Storytelling: using it to empower children

Radhika Menon, Managing Editor, Tulika Publishers
at the Directorate of Primary Education Programme (DPEP) storytelling workshop in Trivandrum, 2001

What is most appealing about storytelling is its accessibility to both tellers and listeners – anyone can tell a story and anyone can listen to a story. Storytelling is a skill that all of us possess as we are all doing it all the time – narrating everyday incidents, jokes, telling the story of a film that we last saw or what happened in last night’s episode of a particular t.v. serial, and of course, many of us retell stories to children when we have the opportunity as the most natural thing to do. Stories that we have heard or read or imagined.

              As teachers you are all concerned about making your classes enjoyable and are constantly thinking of ways of capturing the interest and imagination of the children. One strategy that has stood the test of time is the story. Having adopted this strategy, the first task of the teacher is to set out the teaching goals – the purpose for which storytelling is being used. It can be used to teach any of the following:

  •     learning to relate to life
  •     listening skills
  •     language skills
  •     encourage children to communicate confidently
  •     discuss values and moral issues
  •     specific concepts in subjects
  •     dramatic skills
  •     writing skills
  •     initiate questions
  •     reasoning skills
  •     social skills

    When using storytelling as a teaching tool the teacher must believe that children have the capacity to transform and create out of what they receive. The teacher has to have enormous confidence to believe that something new and good will come from every child. Above all the storytelling has to be fun both for the teller and the listener.

    The preparation will involve (1) the choice of story (2) the storytelling itself (3) the follow-up activities.

    The Choice of Story: While preparing a lesson plan using a story there are several things the teacher has to keep in mind.
    Be clear about the teaching goal – why you are telling the story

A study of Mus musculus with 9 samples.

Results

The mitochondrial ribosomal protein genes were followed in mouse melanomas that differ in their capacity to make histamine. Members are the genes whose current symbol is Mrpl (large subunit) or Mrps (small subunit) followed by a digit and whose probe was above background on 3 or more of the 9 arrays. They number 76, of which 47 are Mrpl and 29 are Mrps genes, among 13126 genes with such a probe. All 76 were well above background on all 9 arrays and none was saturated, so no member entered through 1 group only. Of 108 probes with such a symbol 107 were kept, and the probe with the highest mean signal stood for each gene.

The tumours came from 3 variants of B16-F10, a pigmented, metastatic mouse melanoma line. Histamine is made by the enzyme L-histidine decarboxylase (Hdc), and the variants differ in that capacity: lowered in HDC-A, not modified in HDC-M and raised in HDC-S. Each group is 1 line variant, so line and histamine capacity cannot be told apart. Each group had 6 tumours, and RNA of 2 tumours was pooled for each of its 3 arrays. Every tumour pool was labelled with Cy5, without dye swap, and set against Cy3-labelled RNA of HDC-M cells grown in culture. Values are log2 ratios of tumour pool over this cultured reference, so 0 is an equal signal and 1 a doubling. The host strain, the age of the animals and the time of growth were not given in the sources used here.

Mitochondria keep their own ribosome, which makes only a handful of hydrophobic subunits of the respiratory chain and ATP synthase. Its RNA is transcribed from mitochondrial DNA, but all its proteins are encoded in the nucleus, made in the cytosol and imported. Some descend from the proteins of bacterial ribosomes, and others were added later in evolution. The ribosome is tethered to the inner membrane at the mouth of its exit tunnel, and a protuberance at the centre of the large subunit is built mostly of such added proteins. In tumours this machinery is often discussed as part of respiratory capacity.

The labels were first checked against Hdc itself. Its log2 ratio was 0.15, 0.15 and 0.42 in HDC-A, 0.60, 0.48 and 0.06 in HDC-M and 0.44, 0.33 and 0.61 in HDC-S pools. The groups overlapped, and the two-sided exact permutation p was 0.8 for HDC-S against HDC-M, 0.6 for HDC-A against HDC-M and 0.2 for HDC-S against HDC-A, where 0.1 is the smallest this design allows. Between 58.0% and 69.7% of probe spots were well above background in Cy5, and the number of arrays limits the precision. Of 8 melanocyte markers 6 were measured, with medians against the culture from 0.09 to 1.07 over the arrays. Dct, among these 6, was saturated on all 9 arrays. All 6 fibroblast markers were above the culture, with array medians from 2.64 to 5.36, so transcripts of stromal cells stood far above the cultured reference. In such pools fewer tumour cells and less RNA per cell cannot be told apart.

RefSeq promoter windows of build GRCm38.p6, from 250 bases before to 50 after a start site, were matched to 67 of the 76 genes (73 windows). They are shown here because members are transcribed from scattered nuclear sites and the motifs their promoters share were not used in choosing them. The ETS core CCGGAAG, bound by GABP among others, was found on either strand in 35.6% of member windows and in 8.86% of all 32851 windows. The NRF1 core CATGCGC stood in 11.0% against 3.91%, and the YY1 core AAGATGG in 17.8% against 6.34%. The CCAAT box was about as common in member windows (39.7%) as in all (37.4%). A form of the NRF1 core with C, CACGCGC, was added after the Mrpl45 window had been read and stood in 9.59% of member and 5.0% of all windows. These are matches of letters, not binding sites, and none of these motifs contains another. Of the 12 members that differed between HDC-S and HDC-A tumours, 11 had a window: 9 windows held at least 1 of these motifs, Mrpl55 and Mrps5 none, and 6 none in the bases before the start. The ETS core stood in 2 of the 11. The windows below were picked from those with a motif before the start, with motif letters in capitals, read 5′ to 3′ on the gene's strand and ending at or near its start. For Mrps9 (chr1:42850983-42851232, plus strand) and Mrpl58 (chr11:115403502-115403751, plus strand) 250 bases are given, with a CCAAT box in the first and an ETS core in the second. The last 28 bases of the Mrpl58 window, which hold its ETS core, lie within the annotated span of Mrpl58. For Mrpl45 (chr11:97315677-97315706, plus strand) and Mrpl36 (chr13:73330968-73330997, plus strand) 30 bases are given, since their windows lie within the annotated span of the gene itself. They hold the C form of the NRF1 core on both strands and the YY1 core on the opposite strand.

Find a story that you personally enjoy very much
    Get all the facts and details together even what you may reject later
    Decide what you are going to include and note down the sequence

    The Storytelling itself: Visualise the start precisely – how you are going to begin the story. This will help in making the story become enjoyable. We know this from our experience of hearing and telling of everyday events. All of us unconsciously add details real and imagined to capture the spirit of the event we are describing and to captivate the listener by the telling. Storytelling involves the same process – thus even a very familiar common story becomes unique in each telling.

    The Follow-up Activities: Talking about a story after it has been told can be tricky. It is very common to ask “What does the story teach you?” This question hardly has any value as a starting point for any meaningful discussion. The moral value of the story has no special interest for children, they are more interested the story itself. If the teacher wishes to focus on the values in the story then he or she must initiate a discussion which leads the child into discovering the values/moral themselves. This creates a far better understanding of the morals and values without the children losing interest in the story.

    A comprehension exercise where the child is asked a series of questions at the end of the story has a similar disastrous effect. The anticipation of the questions makes children anxious and takes away the fun of listening to a story. The other common mistake is to expect children to repeat the story verbatim. If we stop to think there is really nothing that this sort of exercise achieves. Repetition of the story word for word goes against the spirit of storytelling and stifles the child’s natural spontaneity and imagination.

    We must understand that the important thing for the story-listener is to relate to the story and that every child relates to the story in his or her own way. The child’s own experiences and personality determine his response to the story. He may imagine a character quite differently from how the character has been described in the story. He may find one incident far more emotionally meaningful than all other incidents. The freedom to recreate a story and its characters in a way that is more meaningful to oneself is a right every child must have. A teacher who believes in the right of the child to imagine the characters in any way he wants will create opportunities for children to talk about a story in any way they like, to distort it, extend it, substitute its characters and to make up their own stories.

    Encouraging children to retell the stories they have just heard makes them confident of their literacy skills – skills in understanding and communicating in a language. If this confidence is built up at the oral level it gets reflected in children’s writings as well. It not only develops their spoken language but the self-esteem and social skills of all children. Storytelling creates the kind of imaginative space for the child which lets her/him flower without feeling threatened as it is an area they are familiar with and see it as an extension of play.

    In the retelling there is often a strong influence of television and film. Not to be judgemental about that – it can often give children the entry points for their stories. Using what is familiar – in this case, T.V. and film - can lead them into venturing our to explore the unfamiliar or the not so obviously familiar. Especially useful with older children.

    When children are given the opportunity to tell stories, they quickly grow in confidence and influence each other. The less eager children will gain in confidence.